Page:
By ALI AKBAR DAREINI
The Associated Press
Thursday, June 28, 2007; 2:14 PM
ZARDEH, Iran -- Nineteen years after their mountain village was targeted by Saddam Hussein's chemical weapons, survivors still recall the attack that killed 275: Villagers wheezing, staggering blindly and vomiting blood, as birds dropped lifeless from trees.
With Saddam's main henchman now slated for the gallows, many still cope with lingering ills.
"Our relatives suffered pain for just a few minutes and then were dead. But we, the survivors, have endured an agonizing, painful life for nearly 20 years. This is a life of gradual death," said Ahmad Hosseini, who lost seven relatives to the attack and still has burn marks on his leg and hands.
The attack took place on July 22, 1988, as villagers and hundreds of Muslim pilgrims gathered for a religious celebration outside a shrine in Zardeh, 400 miles west of the capital, Tehran.
On Thursday, Iran marked the 20th anniversary of the first chemical attack on its soil, which hit the town of Sardasht, killing 120 people and injuring 6,000. Iranian newspapers regularly carry news briefs about veterans dying from chemical-related disorders.
Saddam's main henchman, Ali Hassan al-Majid, has been sentenced to death for leading a military campaign against the Kurds of northern Iraq in the 1980s, a campaign that included chemical attacks on Kurdish towns that earned him the nickname "Chemical Ali."
But Iranians are bitter there is no sign of justice for the dozens of chemical attacks the Iraqi military carried out against Iranian towns during the bloody 1980-88 war between the two countries.
In Zardeh, dozens of villagers suffer from the attack's effects, with some paralyzed for life and others afflicted with chronic coughing.
The village, which had about 700 residents at the time of the attack and about the same now, is believed to have been hit by tabun, a nerve gas that causes convulsions and paralysis before death.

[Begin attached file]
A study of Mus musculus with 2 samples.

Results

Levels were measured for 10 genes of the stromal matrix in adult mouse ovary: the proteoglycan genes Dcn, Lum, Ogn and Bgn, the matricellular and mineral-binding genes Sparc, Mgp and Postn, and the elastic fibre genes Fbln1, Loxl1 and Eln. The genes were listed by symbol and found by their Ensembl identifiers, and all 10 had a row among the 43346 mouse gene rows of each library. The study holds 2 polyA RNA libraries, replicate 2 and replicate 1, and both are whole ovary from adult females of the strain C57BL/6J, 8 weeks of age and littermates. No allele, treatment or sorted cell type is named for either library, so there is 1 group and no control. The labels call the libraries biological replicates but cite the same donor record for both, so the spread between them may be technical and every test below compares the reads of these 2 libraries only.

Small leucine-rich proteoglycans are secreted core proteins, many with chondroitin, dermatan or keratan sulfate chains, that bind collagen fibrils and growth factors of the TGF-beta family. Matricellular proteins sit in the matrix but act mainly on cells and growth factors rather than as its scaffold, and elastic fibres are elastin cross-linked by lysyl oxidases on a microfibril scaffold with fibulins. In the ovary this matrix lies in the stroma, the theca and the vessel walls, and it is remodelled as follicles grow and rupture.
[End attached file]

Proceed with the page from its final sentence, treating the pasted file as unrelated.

Next to the village mosque, Sanjan Salimzadeh, 65, slapped her cheeks in mourning as she remembered her four relatives killed in the attack.
"I buried my daughter and my grandchildren by my own hands," she said at their graves. Salimzadeh lost her right leg in the early 1980s to an Iraqi air raid and has scars on her arm from the shrapnel.
A placard hanging from a tree next to Salimzadeh read, "For what sin were they killed?"
Saddam's military was known to have used nerve gas and mustard gas for attacks in Iran and Kurdish areas of northern Iraq. The attacks on Iraq's own Kurdish population _ such as a 1988 gas attack that killed 5,000 people in the town of Halabja _ became notorious around the world.
The gas attacks on Iran have attracted far less attention, perhaps because the casualties they caused were only a fraction of the 1 million killed on both sides in the war. Iran estimates chemical weapons killed 5,000 of its people and left more than 100,000 veterans and civilians suffering ailments caused by exposure.
Iran urged the Iraqi special tribunal prosecuting members of the ousted regime to try Saddam for war crimes during the Iran-Iraq war. But he was hanged in December after being convicted of crimes against humanity and war crimes tied to a 1982 crackdown on the Shiite town of Dujail in Iraq.
The Iraqi tribunal is scheduled to try other cases against former Saddam cohorts, but it has not yet agreed to hold a trial on the war with Iran.
Iranians were glad to see Saddam face justice but were saddened he didn't have to answer for his attacks on them.
"We are disappointed that Saddam's use of chemical weapons against Iran has been largely ignored. I wanted Saddam just to say why he ordered the use of chemical weapons against my people," said a Zardeh villager, Fereidoun Hosseini.
Hosseini, who lost five family members in the gas attack, blames Western countries for providing Saddam with chemical weapons. "They were accomplices in this horrible crime," he said.
Villagers complain Zardeh has been ignored by the world.
"How is it that if dozens of crabs die, Western media will extensively write about it, but you ignore the painful death of hundreds of human beings due to the use of weapons of mass destruction?" asked Mansour Safari.
"We are the forgotten generation," he said.